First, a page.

There is a distinct risk in pretending that hate online is harmless — one that is, and has been, plain to see for years, if you bothered to look at early victims of the behavior. But in the absence of any attention or consequences, the same kinds of people who have, for years, tried to silence marginalized voices on the internet are using their well-practiced tactics on more and more privileged targets because, as long as there was no risk of repercussions, they felt safe escalating the abuse, and wielded it as their preferred weapon in a culture war of their creation.
On Tuesday reporter Andrew Kaczynski published an article on CNN explaining how he found the identity of Reddit user HanAssholeSolo, who had identified himself as the creator of the media-punching GIF tweeted by President Donald Trump on Sunday. He did not publish HanAssholeSolo’s real name or any other identifying details, but did suggest that he reserved the right to do so in the future.
Because the user had already posted an apology, deleted his prior posts and seemed remorseful, CNN opted not to release his name. They were under no obligation to protect his identity, and they did not force him to do any of those things in exchange for that protection. Still, CNN’s decision not to release HanAssholeSolo’s name has been characterized as blackmail by conservatives, including Donald Trump Jr.
In response, a wave of threats from Neo-Nazi trolls have sprung up against not just members of Kaczynski’s team, but some members of their families as well. Apparently incited by the lie that the meme creator is a teenager (he is, according to Kaczynski, a middle aged man) many have constructed a narrative that they are protecting free speech — by threatening reporters and their families.
Threatening people who write on the internet is not a new tactic: For several years now, a common response to writers and journalists posting things that bigots didn’t like was to doxx, harass and try to coerce them into giving up their jobs and fading away. Whether it was about video games, race, feminism, body acceptance or something else, cruelty and harassment have long been a sick sort of game for some people — including, by his own admission, HanAssholeSolo.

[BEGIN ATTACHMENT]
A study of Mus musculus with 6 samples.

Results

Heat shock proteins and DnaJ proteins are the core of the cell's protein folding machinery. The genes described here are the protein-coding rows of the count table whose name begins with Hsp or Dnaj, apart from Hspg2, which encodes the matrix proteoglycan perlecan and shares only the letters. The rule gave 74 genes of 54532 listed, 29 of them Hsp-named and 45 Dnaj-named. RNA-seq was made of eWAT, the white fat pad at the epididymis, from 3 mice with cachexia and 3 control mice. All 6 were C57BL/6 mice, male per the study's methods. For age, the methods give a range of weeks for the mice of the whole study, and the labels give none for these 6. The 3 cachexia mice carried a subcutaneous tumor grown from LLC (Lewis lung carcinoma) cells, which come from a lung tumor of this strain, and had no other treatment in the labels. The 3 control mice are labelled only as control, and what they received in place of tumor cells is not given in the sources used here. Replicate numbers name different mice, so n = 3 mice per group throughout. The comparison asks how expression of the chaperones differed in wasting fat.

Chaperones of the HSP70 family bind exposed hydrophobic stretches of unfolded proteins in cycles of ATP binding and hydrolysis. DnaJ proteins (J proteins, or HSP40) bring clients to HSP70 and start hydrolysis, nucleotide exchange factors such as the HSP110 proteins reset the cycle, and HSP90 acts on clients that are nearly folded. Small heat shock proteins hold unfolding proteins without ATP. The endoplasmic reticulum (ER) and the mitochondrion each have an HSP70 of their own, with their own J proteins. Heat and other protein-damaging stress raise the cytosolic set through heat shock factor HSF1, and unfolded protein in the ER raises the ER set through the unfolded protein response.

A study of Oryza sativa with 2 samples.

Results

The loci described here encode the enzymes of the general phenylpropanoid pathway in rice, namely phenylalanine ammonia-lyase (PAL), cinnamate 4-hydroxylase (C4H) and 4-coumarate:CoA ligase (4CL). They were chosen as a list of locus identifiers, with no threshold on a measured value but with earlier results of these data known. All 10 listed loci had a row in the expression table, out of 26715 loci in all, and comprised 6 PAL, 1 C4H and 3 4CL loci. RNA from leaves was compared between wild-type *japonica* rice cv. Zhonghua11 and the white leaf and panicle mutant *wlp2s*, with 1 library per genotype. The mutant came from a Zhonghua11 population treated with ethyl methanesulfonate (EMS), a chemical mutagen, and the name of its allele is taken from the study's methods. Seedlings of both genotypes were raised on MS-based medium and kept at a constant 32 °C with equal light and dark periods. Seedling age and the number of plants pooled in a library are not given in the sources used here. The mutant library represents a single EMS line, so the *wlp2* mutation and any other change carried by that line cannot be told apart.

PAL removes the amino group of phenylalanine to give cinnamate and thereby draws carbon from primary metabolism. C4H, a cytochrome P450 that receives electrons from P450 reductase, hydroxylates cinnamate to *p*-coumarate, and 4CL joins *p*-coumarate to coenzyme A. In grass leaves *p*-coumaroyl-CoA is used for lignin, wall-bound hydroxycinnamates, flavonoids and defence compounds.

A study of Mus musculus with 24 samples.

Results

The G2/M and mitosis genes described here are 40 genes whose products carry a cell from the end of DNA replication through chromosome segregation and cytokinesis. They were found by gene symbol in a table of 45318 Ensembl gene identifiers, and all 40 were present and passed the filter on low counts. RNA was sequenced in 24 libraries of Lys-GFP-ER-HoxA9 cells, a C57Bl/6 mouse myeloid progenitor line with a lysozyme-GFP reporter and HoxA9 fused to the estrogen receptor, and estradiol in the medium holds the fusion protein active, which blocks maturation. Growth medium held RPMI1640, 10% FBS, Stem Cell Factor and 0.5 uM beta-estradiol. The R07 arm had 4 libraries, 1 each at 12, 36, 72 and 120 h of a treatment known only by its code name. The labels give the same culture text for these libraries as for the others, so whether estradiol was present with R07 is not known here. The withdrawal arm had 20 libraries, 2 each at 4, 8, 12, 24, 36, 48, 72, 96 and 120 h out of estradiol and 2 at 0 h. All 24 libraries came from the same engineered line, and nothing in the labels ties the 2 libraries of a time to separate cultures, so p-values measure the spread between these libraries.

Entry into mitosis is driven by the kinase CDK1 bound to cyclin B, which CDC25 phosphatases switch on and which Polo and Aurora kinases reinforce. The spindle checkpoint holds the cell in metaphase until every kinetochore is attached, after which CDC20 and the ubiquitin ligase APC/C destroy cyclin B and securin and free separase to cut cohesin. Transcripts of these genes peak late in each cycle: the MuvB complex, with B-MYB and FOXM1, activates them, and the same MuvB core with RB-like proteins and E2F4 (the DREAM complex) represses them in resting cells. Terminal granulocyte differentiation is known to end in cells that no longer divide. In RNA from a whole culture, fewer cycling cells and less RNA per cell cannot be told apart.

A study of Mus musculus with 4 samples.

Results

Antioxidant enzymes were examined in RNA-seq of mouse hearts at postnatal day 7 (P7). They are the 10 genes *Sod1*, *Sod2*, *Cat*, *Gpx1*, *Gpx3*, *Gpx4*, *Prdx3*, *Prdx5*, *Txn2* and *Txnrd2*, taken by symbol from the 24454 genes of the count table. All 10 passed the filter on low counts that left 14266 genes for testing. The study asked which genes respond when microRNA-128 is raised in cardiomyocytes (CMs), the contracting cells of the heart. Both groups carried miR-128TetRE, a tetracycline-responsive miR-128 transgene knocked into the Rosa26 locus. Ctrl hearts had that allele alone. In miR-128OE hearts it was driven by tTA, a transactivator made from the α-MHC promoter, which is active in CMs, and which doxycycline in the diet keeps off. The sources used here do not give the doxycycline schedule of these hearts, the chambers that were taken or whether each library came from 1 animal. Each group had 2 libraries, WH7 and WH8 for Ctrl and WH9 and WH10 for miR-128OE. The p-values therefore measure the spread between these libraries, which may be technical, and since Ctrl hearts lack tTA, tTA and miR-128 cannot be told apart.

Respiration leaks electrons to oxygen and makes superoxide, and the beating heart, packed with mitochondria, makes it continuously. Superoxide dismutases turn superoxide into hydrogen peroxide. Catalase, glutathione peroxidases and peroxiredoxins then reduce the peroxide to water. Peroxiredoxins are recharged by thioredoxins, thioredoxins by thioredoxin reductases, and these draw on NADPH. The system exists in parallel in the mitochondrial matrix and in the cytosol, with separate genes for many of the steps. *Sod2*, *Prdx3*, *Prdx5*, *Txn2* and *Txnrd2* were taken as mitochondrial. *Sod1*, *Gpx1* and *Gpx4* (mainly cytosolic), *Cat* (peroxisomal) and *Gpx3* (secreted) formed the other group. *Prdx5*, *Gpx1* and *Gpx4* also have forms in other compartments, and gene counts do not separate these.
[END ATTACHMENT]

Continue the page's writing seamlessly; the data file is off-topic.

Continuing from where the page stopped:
What’s more is that there seems to still be a belief that none of this “online only” behavior is dangerous, despite a gunman shooting up a pizza parlor to stop the fictional Pizzagate, or the fact that Dylann Roof, who shot nine Black people in the Emanuel African Methodist Episcopal Church in Charleston, South Carolina, in 2015 was radicalized by white supremacist websites. We have seen, over and over again, that online hate speech and harassment feeds into offline violence. Nonetheless, its posited as nothing more than free speech.
It is true that freedom of speech is a right guaranteed in the First Amendment of the United States Constitution. The amendment is very specific, laying out that Congress shall make no laws abridging that right to speak, but it does not say a word about private citizens or companies, nor does it say that the press cannot write about what a citizen has said or done. Anyone can speak, but that doesn’t guarantee an audience, or that the people who are listening won’t respond negatively. It also guarantees a free press that is not subject to the whims of the government.
And it’s easy to construct the investigation into HanAssholeSolo and his GIF of the president beating up the media as an overreaction to “just a meme,” if you don’t consider the very real power wielded by the president of the United States.
The GIF rose to national attention when Trump tweeted it: When a meme that only exists in a subreddit makes it to the president of the United States, that’s news. When that subreddit is filled with racism, anti-Semitism, Islamophobia and misogyny, that’s also news, especially when the president’s supporters have shown a pattern of embracing bigotry. In the wake of his election hate crimes have spiked, and many have expressed genuine concern about the president indirectly supporting, or at least ignoring, these things and their impact on the country. So of course an image of the president beating up the press — even in digital effigy — is just going to add to the concern.
HanAssholeSolo made the meme, the president shared it and Andrew Kaczynski investigated it. Two of those things could have a chilling effect on the freedom of the press. The third is merely an investigative reporter doing his job. Free speech isn’t freedom from the consequences of that speech, nor is it solely the purview of angry white men who think that only their right to speak should be inviolate.
The people claiming that they are attacking Kaczynski and his colleagues (and their families) to “protect free speech” are actually doxxing and attempting to use the safety of family members as blackmail to silence reporters. But the response to telling the truth should never be online violence or harassment — or people justifying those things because of the circumstances of the supposed offense.
You want to protect free speech and privacy? Embrace the idea that threatening the press for doing their jobs is damaging. Consider asking yourself who in history is known for trying to silence journalists for saying things that they don’t like. Then look at where you’re standing. Which side of history are you actually on?